Slack Technologies, the workplace messaging company, has hired investment bank Goldman Sachs to lead its IPO next year, according to a Reuters report. Reuters’ sources say the company is hoping to nab a valuation of “well over $10 billion.”
Slack, which is based in San Francisco and Vancouver, revealed back in May that it had 8 million daily active users. At the time, it said that 3 million of its users were also, crucially, paid users.
In August, when the company announced $427 million in new funding in a round that valued the company at $7.1 billion, it told the New York Times that it still had eight million daily users, though it noted that the company had half that number in the summer of 2017.
Slack’s investors include SoftBank Group’s Vision Fund, Dragoneer Investment Group, General Atlantic, T. Rowe Price Associates, Wellington Management, Baillie Gifford, and Sands Capital, with much earlier investment coming from Accel Partners and Andreessen Horowitz (a16z).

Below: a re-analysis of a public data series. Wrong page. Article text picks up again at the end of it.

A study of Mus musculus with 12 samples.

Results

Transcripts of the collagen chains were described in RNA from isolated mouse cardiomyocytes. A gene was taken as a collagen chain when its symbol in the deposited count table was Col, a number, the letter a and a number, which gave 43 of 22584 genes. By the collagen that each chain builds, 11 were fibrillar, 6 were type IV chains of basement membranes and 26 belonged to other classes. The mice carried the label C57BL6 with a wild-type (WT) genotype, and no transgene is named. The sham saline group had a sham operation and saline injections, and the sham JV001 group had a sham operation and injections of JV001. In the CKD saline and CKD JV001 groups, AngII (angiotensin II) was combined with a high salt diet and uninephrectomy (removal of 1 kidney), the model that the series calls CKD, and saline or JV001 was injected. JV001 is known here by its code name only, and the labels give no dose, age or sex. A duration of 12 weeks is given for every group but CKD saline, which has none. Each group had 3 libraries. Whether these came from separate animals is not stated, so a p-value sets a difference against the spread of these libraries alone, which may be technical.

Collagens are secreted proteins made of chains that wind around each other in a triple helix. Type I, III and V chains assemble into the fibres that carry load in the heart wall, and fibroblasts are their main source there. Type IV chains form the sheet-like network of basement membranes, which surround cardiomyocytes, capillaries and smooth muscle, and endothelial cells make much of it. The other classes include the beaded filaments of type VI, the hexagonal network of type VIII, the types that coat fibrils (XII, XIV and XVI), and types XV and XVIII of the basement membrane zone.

In fact, when Accel and a16z funded Slack, it was technically a different company, one called Tiny Speck, and it worked long and hard on an online, multiplayer game called “Glitch” that failed to gain enough user traction to be continued. It was only in the process of unwinding the company that it occurred to founder Stewart Butterfield that the messaging set-up he had created to communicate with Tiny Speck’s engineers and other employees might be an even more promising idea.
Butterfield had discussions with these early investors as he prepared to pivot about returning their capital, but as Accel’s Andrew Braccia told us several years ago, “We had a discussion about, ‘Should I return the money.’” But, said Braccia, “I told Stewart, ‘If you want to continue to be an entrepreneur and build something, then I’m with you.’”
It was a smart move on the part of Braccia, who spent nine years at Yahoo as a VP before joining Accel and had met Butterfield there after Butterfield, with cofounder Caterina Fake, had sold their photo-sharing business Flickr to the company. It was also a giant leap of faith, based on Butterfield’s potential alone. “I don’t think we understood how valuable, important, or fast it would grow,” Braccia admitted during that sitdown several years ago. “We just knew the use case was really strong at Tiny Speck and that if it was strong there, perhaps it could be strong other places, too.”